What do you do with your elderly parents? Part two.
We should be motivated by love for our children to take care of ourselves and to eat a healthy diet, get some exercise, get enough sleep and rest and sunshine and so forth, because that could be considered, not a sign of laziness or a sign of being too focused on yourself, but trying to stay healthy for the sake of your loved ones who, if you become ill, will be forced to focus a lot on you. And none of us want that. Right? None of us want that.
So, taking care of yourself is a form of loving your neighbor as yourself so as not to be a burden upon anyone. This is not to make anyone feel bad who finds themselves not being able to be independent and having to rely upon their children because they’re disabled or something like that, okay? But I’m just speaking to those of us who are still living independently. I love my children very much and I sure don’t want my children to be burdened with my care in my senior years. So, I’m going to try to take care of myself and have a healthy lifestyle. So, let that be a little word at the beginning here. Okay, so, now what to do with your elderly parents.
Well, so many folks struggle with this decision because it’s such a difficult decision. It’s so hard to say to your mom or your dad, “Mom or dad, we can’t care for you. It’s too much or we can’t afford to care for you, to bring in private helpers to assist you because it’s just out of reach.” Again it’s different in every situation. About half the people who retire in the United States retire before they intended to retire and for many of them it’s because of their own health or the health of a loved one whom they need to take care of.
So, it’s very hard to hold down a job and take care of a loved one full-time. Someone who needs you close by all the time. That’s what I tried to do with my dad as I told you in the last little lesson. It was all me taking care of my disabled father, who was disabled because of a stroke. In the process, I myself had a stroke. Now, not a full blown stroke thankfully. A mini stroke, a TIA, or a transient ischemic attack. It was a scary thing. Put me in the hospital for two days and then loads of tests and follow up visits to cardiologists and neurologists and neurosurgeons. It was life changing. Here’s the continuation of yesterday’s story. My dad was at home for months living with me after his debilitating stroke.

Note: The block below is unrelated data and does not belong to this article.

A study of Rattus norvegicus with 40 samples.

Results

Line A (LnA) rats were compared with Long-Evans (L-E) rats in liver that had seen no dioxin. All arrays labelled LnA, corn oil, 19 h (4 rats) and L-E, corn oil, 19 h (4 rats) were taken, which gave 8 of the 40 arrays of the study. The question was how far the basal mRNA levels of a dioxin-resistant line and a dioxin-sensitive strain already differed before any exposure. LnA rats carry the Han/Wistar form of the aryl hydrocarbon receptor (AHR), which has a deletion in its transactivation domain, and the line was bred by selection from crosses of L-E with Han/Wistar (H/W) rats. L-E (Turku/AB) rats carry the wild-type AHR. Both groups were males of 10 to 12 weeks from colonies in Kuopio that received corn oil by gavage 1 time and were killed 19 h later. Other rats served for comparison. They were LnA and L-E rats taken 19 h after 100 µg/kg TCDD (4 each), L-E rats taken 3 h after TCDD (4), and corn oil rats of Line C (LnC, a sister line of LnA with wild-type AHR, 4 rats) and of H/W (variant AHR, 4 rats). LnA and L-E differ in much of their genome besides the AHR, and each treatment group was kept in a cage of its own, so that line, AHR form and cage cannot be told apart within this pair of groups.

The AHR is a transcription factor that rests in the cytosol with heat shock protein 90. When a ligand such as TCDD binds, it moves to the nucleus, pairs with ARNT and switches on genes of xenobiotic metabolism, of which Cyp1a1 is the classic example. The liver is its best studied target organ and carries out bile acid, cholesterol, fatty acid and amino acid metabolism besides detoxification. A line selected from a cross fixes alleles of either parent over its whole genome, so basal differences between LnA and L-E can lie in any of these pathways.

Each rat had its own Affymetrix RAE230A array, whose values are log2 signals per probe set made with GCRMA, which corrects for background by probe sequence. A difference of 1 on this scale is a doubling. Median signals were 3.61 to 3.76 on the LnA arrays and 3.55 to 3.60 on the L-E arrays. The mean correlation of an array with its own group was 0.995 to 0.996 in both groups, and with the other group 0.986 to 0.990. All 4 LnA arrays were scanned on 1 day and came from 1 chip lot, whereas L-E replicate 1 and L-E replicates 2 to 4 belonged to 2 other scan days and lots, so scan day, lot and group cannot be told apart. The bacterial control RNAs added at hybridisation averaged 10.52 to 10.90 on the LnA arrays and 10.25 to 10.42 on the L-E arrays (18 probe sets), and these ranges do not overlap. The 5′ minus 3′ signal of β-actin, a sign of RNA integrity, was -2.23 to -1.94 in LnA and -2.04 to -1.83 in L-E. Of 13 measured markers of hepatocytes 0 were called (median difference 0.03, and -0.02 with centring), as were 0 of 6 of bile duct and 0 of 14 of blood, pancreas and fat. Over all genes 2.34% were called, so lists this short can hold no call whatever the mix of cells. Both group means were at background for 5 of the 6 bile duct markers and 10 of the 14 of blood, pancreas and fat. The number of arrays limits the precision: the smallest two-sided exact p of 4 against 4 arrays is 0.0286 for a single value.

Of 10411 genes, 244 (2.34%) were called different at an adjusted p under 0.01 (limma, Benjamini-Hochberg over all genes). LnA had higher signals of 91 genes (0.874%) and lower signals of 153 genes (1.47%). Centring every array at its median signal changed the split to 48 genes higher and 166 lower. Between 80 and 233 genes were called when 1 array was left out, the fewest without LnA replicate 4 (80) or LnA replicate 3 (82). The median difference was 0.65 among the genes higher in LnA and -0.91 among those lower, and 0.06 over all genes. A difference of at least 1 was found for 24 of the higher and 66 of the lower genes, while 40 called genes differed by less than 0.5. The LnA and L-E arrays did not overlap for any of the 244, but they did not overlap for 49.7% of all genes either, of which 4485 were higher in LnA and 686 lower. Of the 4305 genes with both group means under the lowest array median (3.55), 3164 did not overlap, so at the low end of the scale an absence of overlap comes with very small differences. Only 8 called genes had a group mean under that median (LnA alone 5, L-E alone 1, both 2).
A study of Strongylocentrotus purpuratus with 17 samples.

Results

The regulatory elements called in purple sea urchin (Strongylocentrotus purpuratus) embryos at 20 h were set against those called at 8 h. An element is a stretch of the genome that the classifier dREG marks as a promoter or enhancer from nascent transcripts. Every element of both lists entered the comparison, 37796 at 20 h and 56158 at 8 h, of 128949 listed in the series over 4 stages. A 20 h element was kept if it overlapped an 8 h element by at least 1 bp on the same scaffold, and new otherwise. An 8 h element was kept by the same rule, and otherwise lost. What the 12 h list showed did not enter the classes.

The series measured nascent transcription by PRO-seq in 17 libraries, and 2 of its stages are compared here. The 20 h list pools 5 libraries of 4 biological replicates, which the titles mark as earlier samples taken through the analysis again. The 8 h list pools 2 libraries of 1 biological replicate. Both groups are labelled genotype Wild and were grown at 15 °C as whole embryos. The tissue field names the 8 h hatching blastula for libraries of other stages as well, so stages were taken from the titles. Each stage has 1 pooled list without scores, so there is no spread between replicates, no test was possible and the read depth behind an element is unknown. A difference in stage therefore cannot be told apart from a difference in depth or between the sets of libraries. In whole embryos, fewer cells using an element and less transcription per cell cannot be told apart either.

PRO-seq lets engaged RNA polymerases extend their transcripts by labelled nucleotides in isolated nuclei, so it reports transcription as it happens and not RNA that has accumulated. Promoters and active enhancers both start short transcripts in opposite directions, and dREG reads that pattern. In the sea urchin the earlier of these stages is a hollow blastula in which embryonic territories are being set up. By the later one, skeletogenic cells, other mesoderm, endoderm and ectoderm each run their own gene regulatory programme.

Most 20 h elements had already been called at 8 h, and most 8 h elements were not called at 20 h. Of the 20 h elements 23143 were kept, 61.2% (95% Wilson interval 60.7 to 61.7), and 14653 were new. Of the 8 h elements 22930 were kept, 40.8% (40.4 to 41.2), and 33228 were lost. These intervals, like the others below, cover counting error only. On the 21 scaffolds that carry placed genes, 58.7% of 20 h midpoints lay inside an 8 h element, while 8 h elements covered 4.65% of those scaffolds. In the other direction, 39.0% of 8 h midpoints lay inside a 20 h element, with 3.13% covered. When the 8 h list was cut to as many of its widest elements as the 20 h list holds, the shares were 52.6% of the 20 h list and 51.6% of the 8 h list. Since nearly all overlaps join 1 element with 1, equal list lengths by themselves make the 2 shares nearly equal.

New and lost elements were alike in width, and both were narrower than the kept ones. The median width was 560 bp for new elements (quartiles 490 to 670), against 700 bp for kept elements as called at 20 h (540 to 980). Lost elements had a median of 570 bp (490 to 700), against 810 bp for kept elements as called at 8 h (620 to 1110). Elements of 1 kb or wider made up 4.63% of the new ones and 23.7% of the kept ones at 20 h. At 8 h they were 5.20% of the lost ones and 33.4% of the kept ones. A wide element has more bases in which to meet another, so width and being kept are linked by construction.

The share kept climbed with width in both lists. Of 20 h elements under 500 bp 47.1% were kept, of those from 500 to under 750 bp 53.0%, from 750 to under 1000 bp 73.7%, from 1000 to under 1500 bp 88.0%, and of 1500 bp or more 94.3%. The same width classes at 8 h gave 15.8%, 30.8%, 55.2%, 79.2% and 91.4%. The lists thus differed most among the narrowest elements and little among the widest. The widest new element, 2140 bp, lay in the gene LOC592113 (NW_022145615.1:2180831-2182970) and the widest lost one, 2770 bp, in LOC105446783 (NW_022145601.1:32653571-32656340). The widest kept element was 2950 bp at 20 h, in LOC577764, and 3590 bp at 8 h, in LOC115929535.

He knew he was burdening me a great deal and he felt concerned, even guilty about that but he justified it, understandably. But after I had my mini stroke, he saw the light and realized that by expecting me to care for him, it was killing me. So, he did a 180 in his attitude and said, “You know what? I want to go into assisted living.” I don’t know whether he was being honest or not because he was so adamantly opposed to it for months and months. Through all the trials and tribulations of him being at home with us, I think he was trying to alleviate me of the guilt that he knew I would sense putting him into assisted living.
I visited him every evening, because it wasn’t that far away, and every time I would just think, “I can’t believe I put my dad in this place.” Nobody wants to be in those places because people there, they’re all in a sad condition. At various stages of getting close to the end. Some are really in bad shape and it’s just heartbreaking to be there and to have them all together. It just doesn’t seem right. That’s one reason why I do admire anybody who tries to take care of their own elderly parents themselves.
I admire anyone who tries and I certainly tried. My wife certainly tried but it just became unreasonable. So, I’m only telling you this story to maybe help you in your own decision if you’re in a place of trying to make a decision. It’s gotta be one of the most difficult decisions there is to put an elderly parent in an assisted living facility. Now, for some it’s an easy decision, because after a massive stroke, they could be completely debilitated and it would be impossible for them to be anywhere but under skilled nursing. That’s something else I think I should mention here in the last couple minutes that I have with you and that would be the importance of having a document that indicates to your loved ones, signed by you, I think they call it a living will that if you would reach a place where you’re close to death, you don’t want certain medical interventions.
That you just want to go to heaven because that is what’s happening if you’re a believer in Jesus. So, why prolong it? Who wants to be living a life as a vegetable and just on life support being kept alive by machines? But doctors are obligated to do that to a degree but if you could make it easier on your loved ones and the doctors as well by stipulating prior to anything like that happening, “Here’s what I want you to do and here’s what I don’t want you to do.” If my heart stops beating, don’t try to get it going again. If I stop breathing, don’t try to get me breathing again. Don’t stick anything in me to try to keep me alive. I want to go be with Jesus.
That’s an act of love. Loving your neighbor as yourself because you don’t want to be a burden on somebody and you don’t want to hang around on earth any longer than what God wants you to. What did people do before all these medical miracles that we have? They just died and if they were believers of course, it’s far greater to depart and to be with Christ. Amen. All right. Out of time for today’s lesson. Thank you so much for listening and joining me today. Hope to see you again next time.